The Neon Court by Kate Griffin (Matthew Swift #3)

The Neon Court (Matthew Swift, #3)The Neon Court by Kate Griffin

My rating: 4 of 5 stars

Jacket Blurb: War is coming to London. A daimyo of the Neon Court is dead and all fingers point towards their ancient enemy - The Tribe. And when magicians go to war, everyone loses.
But Matthew Swift has his own concerns. He has been summoned abruptly, body and soul, to a burning tower and to the dead body of Oda, warrior of The Order and known associate of Swift. There's a hole in her heart and the symbol of the Midnight Mayor drawn in her own blood. Except, she is still walking and talking and has a nasty habit of saying 'we' when she means 'I.'
Now, Swift faces the longest night of his life. Lady Neon herself is coming to London and the Tribe is ready to fight. Strange things stalk this night: a rumored 'chosen one, ' a monster that burns out the eyes of its enemies, and a walking dead woman. Swift must stop a war, protect his city, and save his friend - if she'll stop trying to kill him long enough for him to try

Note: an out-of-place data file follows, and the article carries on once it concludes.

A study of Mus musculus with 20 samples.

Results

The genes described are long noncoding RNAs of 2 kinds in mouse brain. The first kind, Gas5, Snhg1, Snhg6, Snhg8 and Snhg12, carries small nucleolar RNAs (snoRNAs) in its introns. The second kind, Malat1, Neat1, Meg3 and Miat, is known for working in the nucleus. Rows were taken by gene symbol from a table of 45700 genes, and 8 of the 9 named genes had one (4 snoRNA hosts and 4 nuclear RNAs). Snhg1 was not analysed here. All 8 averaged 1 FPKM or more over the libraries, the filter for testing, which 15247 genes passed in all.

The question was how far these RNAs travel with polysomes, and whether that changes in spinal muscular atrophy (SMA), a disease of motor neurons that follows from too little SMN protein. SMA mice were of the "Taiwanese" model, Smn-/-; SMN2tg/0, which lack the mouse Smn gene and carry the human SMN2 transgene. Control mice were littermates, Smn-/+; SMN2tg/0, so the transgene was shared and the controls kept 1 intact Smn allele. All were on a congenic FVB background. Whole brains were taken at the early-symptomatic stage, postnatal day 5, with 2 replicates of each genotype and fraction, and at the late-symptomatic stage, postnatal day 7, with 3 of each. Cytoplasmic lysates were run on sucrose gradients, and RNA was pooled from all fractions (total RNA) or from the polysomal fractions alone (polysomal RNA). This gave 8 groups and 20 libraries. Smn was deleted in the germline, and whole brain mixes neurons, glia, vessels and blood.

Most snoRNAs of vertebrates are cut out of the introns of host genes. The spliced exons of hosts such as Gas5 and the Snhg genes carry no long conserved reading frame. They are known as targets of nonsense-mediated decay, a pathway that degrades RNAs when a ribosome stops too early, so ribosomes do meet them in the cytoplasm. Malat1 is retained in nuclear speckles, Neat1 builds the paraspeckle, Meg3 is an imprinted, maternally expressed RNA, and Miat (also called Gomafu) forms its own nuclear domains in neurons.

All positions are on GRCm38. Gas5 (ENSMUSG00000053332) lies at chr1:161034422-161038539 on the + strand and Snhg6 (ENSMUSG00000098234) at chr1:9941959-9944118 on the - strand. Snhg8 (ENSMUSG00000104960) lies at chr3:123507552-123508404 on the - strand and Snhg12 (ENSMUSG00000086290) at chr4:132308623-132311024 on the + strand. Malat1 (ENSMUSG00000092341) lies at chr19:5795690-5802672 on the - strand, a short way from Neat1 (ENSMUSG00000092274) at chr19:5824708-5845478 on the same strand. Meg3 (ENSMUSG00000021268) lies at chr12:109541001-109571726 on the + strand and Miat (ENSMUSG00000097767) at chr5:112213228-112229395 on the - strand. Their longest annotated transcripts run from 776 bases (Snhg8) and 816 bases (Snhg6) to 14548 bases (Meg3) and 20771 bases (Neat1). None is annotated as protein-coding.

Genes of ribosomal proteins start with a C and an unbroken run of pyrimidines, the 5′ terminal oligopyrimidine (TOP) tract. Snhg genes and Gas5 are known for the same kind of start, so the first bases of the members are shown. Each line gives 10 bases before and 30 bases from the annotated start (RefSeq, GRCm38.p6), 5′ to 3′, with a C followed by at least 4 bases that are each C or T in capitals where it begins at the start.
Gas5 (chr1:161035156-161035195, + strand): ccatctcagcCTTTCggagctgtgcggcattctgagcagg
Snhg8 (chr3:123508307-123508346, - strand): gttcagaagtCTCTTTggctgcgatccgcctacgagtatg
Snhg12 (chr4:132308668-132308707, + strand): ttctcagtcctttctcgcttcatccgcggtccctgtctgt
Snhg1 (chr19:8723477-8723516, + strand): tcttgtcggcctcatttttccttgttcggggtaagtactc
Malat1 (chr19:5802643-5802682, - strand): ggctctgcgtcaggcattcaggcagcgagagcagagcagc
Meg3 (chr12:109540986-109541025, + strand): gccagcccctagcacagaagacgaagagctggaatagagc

I enjoyed this book immensely.  It grabbed my attention from chapter one and held it captive right up until the end. 

Book three was definitely settling into a established pattern though; our reluctant hero, Matthew Swift, finds he has Mega Problems on his hands (again), gets beat up trying to reason with parties who don't want to be reasoned with (again), is saved by a friend, situation deteriorates badly (again), and he saves the day.  Literally in this instance. Plot design is same as first two in the series and this has the potential for pulling the writing down.

What I did like about Neon Court was the character development of several minor characters such as Matthew's apprentice Penny.  Flamboyant, outspoken, loudly defiant to everyone else's somber-hued approach, she was a refreshing drink of water in what could have been a standard story.  The inclusion of the Alderman, particularly Leslie Dees, gave some interesting insight into the City itself. The contrast between Toxik and Lady Neon was a nicely balanced study between light/dark black/white, especially how Griffin used text-speak to emphasize how Toxik was different. Neon Court gave some back story to how things came to be that I appreciated.

With the reappearance of a man thought dead, a somewhat unpredictable ending, and Penny's character, this was a very fun and engaging read.  Recommended.